The following content is sponsored by the Electronic Payments Coalition.
In the hallways of Congress, big box retailers are aggressively lobbying for a new bill that will slash consumers’ payment security protections. These retailers are looking to pocket millions by skimping on payment security, knowing that if there is fraud at their stores, it’s banks and credit unions on the hook, not them. So why not pick a cheap and less secure way to process payments?
This proposed legislation would dismantle the current payments system by implementing new credit card routing regulations. The bill gives the government broad power to control how your credit card payments are processed, replacing the current, free-market system. Big-box stores like Walmart and Target are in favor of it because it forces financial institutions to hand over technology for free, upending the current system using the power of government.
Technology advances in the last decade have been astounding. Watches that can pay for groceries, phones that can order and pay for take-out, and quick tap-and-pay checkouts. This all adds up to faster transactions and more sales for businesses big and small. This technology has thousands of men and women behind it who are developing on anti-fraud programs, payments software, hardware, and a host of other facets to making it all work behind the scenes.
To help cover these costs, when customers pay with a credit card, retailers pay a small fee (typically two percent) of a purchase to financial institutions. This is a negotiated fee and the fair market value. Retailers are free to not accept certain cards, but they know there is great value in being able to accept a variety of types of payments. Typically, the more ways to pay, the more customers.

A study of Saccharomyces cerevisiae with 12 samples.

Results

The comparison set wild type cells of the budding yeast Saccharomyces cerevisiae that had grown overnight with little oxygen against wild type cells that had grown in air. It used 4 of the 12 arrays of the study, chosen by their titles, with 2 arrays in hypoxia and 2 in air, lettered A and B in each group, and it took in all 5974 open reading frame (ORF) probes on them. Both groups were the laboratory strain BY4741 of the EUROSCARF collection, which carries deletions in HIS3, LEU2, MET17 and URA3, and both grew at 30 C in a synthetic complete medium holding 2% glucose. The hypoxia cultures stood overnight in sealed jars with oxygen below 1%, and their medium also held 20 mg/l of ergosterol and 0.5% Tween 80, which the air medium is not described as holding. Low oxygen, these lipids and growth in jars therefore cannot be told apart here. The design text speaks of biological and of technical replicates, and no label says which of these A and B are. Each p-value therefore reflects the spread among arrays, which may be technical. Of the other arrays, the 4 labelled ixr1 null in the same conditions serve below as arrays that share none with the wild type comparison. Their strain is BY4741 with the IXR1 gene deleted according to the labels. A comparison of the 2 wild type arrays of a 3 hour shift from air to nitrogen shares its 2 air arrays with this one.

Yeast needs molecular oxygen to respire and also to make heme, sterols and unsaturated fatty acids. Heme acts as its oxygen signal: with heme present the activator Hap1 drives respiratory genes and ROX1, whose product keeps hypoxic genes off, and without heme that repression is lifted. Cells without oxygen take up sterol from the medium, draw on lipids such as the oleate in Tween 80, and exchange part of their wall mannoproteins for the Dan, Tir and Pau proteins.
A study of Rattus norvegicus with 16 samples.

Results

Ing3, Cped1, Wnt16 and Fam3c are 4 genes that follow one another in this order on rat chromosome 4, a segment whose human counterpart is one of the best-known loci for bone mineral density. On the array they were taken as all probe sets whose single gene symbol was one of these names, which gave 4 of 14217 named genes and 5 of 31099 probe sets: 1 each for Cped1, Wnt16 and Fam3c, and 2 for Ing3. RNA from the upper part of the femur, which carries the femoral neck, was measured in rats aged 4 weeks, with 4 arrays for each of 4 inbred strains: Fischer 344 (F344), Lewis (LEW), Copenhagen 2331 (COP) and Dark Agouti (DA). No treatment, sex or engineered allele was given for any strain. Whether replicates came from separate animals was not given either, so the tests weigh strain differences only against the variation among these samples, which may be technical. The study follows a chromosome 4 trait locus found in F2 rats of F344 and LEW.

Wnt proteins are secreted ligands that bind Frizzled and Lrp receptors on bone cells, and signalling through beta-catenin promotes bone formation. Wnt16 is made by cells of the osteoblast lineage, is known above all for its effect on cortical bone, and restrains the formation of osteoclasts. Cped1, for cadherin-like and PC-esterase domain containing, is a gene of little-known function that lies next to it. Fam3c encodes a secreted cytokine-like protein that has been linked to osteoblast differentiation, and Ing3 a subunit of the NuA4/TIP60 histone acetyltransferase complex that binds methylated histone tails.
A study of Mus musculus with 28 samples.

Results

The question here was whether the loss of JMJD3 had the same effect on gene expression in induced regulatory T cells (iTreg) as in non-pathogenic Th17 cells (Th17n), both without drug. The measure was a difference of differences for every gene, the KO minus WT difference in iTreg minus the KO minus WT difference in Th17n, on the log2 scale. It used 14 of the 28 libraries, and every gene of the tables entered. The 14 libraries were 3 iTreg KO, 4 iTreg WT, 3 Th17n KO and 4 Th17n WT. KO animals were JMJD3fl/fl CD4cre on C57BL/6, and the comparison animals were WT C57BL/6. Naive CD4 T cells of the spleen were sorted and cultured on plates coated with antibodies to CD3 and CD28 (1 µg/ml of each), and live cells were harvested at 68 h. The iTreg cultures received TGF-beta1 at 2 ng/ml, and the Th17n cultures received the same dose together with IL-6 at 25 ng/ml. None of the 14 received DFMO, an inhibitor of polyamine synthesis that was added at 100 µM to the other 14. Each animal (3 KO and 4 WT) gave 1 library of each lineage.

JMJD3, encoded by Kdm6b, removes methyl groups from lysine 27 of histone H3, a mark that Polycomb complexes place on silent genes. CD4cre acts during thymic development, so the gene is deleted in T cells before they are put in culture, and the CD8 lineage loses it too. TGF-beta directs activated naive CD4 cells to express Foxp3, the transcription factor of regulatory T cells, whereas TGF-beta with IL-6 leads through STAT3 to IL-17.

But big box stores have good friends in high places. They’ve worked with Sen. Dick Durbin (D-IL) for years to pass laws that carve out special benefits just for them. They’ve come knocking at his door again, and he’s on board with giving government more power over the payments industry. So, he is pushing this bill to help them cut billions in costs, all at the expense of consumers’ safety.
Unfortunately, this bill also has Republican support from a few individuals like Sen. Roger Marshall (R-KS) and J.D. Vance (R-OH) who see it as a way to bolster their image while making friends with big-box stores.
What they may not realize is that this bill will severely hurt businesses, banks, and credit unions in their own backyards. If this bill becomes law, credit unions and banks will see their revenue plummet. This loss of revenue will mean they will have to cut back on other services, such as offering small businesses loans or low fee checking.
Retailers are promising this bill will help lower their costs, but they have no incentive to lower their prices. It’s a bait and switch, and Congress must know how it will hurt local communities and consumers.